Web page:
Egon Schiele (1890-1918)
Property from an Important New York Estate
Egon Schiele (1890-1918)

Paar im Umarmung

Egon Schiele (1890-1918)
Paar im Umarmung
signed and dated 'EGON SCHIELE 1914' (lower right); with Nachlass stamp (on the reverse)
black Conté crayon on paper
19 ½ x 12 7/8 in. (49.7 x 32.6 cm.)
Drawn in 1914
Estate of the artist.
Kurt Rosegg, Vienna and Kansas City (by 1938).
Galerie St. Etienne, New York (acquired from the family of the above, 1982).
Acquired from the above by the late owner, January 1986.
J. Kallir, Viennese Design and the Wiener Werkstätte, exh. cat., Galerie St. Etienne, New York, 1986, p. 136 (illustrated, fig. 194).
J. Hobhouse, The Bride Stripped Bare: The Artist and the Female Nude in the Twentieth Century, New York, 1988, p. 69 (illustrated, pl. 57).
J. Kallir, Egon Schiele: in der Österreichischen Galerie in Wien, exh. cat., Galerie Welz, Salzburg, 1990, p. 34 (illustrated).
J. Kallir, Egon Schiele: The Complete Works, Including a Biography and a Catalogue Raisonné, New York, 1998, p. 543, no. 1676 (illustrated).
New York, Gagosian Gallery, Egon Schiele: Nudes, March-April 1994.

Lot Essay

Executed in 1914, Paar im Umarmung depicts a moment of sheer ecstasy between two unidentified lovers. Here, the couple melts into an intimate and singular embrace without context of time or space thus becoming the sole focus of the current composition. The jagged and abrupt nature of the present work captures the immediacy of this passionate moment—as the man’s fingers intertwine with the woman’s fitful curls, her tussled undergarments bunched in saw-tooth contours around her waist. The female’s direct gaze coupled with the pair’s provocative embrace suggest that Schiele drew upon similar illustrations prevalent in the popular erotica of the period. While a focus on such blatant sexual display reoccurs throughout the artist’s oeuvre, the compelling composition and distinctive draughtsmanship evident in Paar im Umarmung perfectly characterize the strides Schiele took in 1914-1915 to advance his work.
Alongside this striking composition, Schiele’s use of a “stitchlike” line evident in the woman’s arms and arch of her back can be traced to a specific period starting in February of 1914. Faced with a crippling debt of 2,500 kronen—equivalent to one year’s income for an average middle class family at the time—Schiele took up printmaking after strong encouragement by his patron Arthur Roessler to take advantage of the burgeoning market. This technique reoccurs frequently throughout the artist’s drawings and watercolors until his eventual draft to serve in the Austrian army in 1915. Jane Kallir even goes so far as to note that “it is impossible to determine whether the technique simply carried over into the etching media or rather evolved from it” (op. cit., 1998, p. 520). Schiele’s drawings took on a distinctively more erratic yet nevertheless subtly crafted composition during this momentous period adding a new tension to the artist’s work as witnessed in Paar im Umarmung.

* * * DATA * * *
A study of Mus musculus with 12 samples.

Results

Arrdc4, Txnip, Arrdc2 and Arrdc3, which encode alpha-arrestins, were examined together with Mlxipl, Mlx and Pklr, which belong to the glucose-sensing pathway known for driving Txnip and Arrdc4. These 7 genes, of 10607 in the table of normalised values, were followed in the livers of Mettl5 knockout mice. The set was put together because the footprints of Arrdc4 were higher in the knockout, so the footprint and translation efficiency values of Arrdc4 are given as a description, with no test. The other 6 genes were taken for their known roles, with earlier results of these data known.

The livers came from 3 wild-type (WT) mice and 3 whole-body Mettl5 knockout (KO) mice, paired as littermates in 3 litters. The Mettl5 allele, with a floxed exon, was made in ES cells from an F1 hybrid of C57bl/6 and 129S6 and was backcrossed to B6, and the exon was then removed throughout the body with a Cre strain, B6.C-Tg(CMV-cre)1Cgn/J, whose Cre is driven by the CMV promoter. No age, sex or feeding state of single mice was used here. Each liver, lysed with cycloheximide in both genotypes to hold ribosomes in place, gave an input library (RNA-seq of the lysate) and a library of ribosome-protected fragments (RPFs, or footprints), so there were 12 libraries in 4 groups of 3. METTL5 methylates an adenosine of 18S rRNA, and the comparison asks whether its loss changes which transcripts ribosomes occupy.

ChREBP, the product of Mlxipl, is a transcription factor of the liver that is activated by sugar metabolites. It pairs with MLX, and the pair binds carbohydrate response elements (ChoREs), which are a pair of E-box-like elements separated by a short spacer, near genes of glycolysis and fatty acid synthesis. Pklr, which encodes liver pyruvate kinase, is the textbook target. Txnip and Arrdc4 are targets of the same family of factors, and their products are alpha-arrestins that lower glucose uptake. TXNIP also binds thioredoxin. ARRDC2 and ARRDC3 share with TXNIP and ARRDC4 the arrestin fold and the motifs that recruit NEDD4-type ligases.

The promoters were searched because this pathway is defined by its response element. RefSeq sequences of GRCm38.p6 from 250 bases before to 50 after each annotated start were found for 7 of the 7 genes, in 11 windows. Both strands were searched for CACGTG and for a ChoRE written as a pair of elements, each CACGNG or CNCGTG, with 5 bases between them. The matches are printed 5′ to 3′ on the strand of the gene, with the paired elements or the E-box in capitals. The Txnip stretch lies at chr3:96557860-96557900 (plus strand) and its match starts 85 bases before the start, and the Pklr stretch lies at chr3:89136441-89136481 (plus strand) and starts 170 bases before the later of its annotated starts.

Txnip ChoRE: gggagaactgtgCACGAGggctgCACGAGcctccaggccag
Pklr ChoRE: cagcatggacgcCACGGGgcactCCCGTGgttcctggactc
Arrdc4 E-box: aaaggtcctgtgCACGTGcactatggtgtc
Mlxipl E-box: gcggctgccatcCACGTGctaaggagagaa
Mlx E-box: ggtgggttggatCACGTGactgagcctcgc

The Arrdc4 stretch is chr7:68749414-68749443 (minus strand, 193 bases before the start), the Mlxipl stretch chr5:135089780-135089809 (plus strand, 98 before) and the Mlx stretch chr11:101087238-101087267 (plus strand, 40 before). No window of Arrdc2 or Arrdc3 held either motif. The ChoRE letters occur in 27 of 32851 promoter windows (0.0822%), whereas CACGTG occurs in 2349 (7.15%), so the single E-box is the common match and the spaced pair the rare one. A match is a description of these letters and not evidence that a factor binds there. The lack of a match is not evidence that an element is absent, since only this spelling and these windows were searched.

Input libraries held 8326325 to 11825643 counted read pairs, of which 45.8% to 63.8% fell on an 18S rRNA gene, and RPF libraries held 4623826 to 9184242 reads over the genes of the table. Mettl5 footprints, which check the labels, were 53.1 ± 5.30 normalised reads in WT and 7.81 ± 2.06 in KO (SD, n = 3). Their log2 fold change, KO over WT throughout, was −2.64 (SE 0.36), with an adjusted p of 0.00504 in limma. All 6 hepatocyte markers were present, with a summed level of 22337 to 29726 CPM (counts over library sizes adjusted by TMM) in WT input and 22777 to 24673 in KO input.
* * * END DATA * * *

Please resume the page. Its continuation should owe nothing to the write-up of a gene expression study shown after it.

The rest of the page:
Emphasized by the “stitched” line, the abstracted faces of both the male and female figures are dashed onto the page in only a handful of strokes. Like many of the artist’s works from this period, the “button eyes and stylization of nose and eyebrow (sometimes foregoing eyes entirely) make it difficult to identify Schiele’s models” (ibid., p. 520). While anonymous, the figures present in Paar im Umarmung furthermore point to a pivotal period in Schiele’s personal life that found the artist torn in his romantic relationships. In the brief span between 1914 and 1915, Schiele had forsaken his promiscuous, longtime companion Wally in favor of a more wholesome and socially respectable match that he found in his new neighbor Edith Harms. While neither Wally nor Edith have been definitively identified in the present work, the passion exhibited in this drawing clearly reveals an exceptional intimacy with the female model. Paar im Umarmung marks a significant period in Schiele’s meteoric yet brief career which found the artist pushing the boundaries of both his personal and artistic aspirations.